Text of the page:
Currently, the California Constitution, in Article II, Section 4, provides that “The Legislature shall. . . provide for the disqualification of electors while . . . imprisoned or on parole for the conviction of a felony.”

Accordingly, people who are serving a sentence in a state or federal prison, or have been released and are on parole, cannot be registered to vote. As of 2016–after our litigation efforts to get it done sooner failed–this restriction does not include people who are doing time in jail, even for felonies, nor does it include folks on community probation. But this leaves people on parole disenfranchised. According to the Prison Policy Initiative, as of Dec. 31, 2016, there were 89,586 people on parole. This is not a big number, because after Realignment, most people with felony convictions are supervised by the counties in the community (in addition to the already existing large probation population)–as of Dec. 31, 2016, we had 235,918 on probation. According to the Yes on 17 campaign, the number of parolees now is even smaller–they estimate that 50,000 people on parole are ineligible to vote under the CA constitution.

Prop 17 would change that. It is a Constitutional amendment that would grant people who served a federal or state prison sentence the right to vote as soon as they complete their sentence. If we pass this proposition, we’ll join the following states, which allow parolees to vote: Hawaii, Illinois, Indiana, Maine, Massachusetts, Michigan, Montana, New Hampshire, North Dakota, Ohio, Oregon, Pennsylvania, Rhode Island, Utah, Vermont, and D.C.

A “yes” vote on 17 has many benefits. As Jessica Willis and I wrote elsewhere, civic reengagement of people after they return home from a prison sentence is a crucial step in restoring their trust, loyalty, and sense of a stake in their community. It makes communities safer by ameliorating the already-difficult trajectory of reentry and reducing recidivism. It mitigates racial injustices (most parolees are people of color.) And it brings much-needed perspectives, with important experiences, into the democratic process, which includes voting for people like prosecutors and judges.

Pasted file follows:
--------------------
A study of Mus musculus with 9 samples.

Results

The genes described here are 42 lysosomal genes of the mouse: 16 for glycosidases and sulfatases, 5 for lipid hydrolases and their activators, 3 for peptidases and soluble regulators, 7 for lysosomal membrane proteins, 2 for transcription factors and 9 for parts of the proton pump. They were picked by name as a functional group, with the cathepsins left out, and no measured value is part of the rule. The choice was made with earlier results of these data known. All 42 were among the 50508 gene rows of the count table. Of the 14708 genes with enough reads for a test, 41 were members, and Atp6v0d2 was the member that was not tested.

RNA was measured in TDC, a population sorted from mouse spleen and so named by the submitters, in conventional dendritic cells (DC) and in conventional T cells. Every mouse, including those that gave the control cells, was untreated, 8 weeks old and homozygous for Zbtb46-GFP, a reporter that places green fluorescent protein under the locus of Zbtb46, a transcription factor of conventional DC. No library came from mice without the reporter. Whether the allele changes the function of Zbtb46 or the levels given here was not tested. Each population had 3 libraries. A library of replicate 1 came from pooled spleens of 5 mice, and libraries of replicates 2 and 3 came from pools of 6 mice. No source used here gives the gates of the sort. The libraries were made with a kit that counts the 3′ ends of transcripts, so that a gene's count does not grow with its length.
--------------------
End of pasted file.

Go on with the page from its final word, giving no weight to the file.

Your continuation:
If anything, Prop 17 does not go far enough–like everyone else, the person would need to register to vote, which is an extra step that creates a hindrance; if it passes, many people might not even know, upon release, that they are eligible to vote. But this goes to my general gripe with a system that requires registering to vote, as opposed to rendering all citizens automatically eligible to vote when they reach voting age; I’ve written before about how U.S. illogical obstinance about a simple measure–the provision of a national identity card to every American citizen when they turn 18–perpetuates a problem that is very easy to solve. But even within the constraints of the existing system (every country has tics and wrinkles–the ones here are obvious to me because I didn’t grow up here,) I can see a solution. When I became a citizen in 2015, as soon as all of us new Americans exited the beautiful Paramount Theatre where our naturalization ceremony was held, we passed through three booths: passport application, social security application, and a happy and energetic voter registration posse. Putting together a similar setup at the exit door of the prison is a piece of cake. All CDCR needs is a computer with a working Internet connection and this handy link, and everyone–EVERYONE–on the day of their release can leave CDCR facilities as a registered voter. As to the expense involved in doing all this, LAO estimates a one-time expense in updating state systems, followed by an annual expense representing the need to print and mail additional ballots and voter materials–exactly what you and I get as registered voters.

There really are no downsides, unless you’re a moralistic curmudgeon who for some reason believes that we should continue disenfranchising people after they’ve served their prison sentence. Let’s bring more people into our democracy. Vote Yes on 17.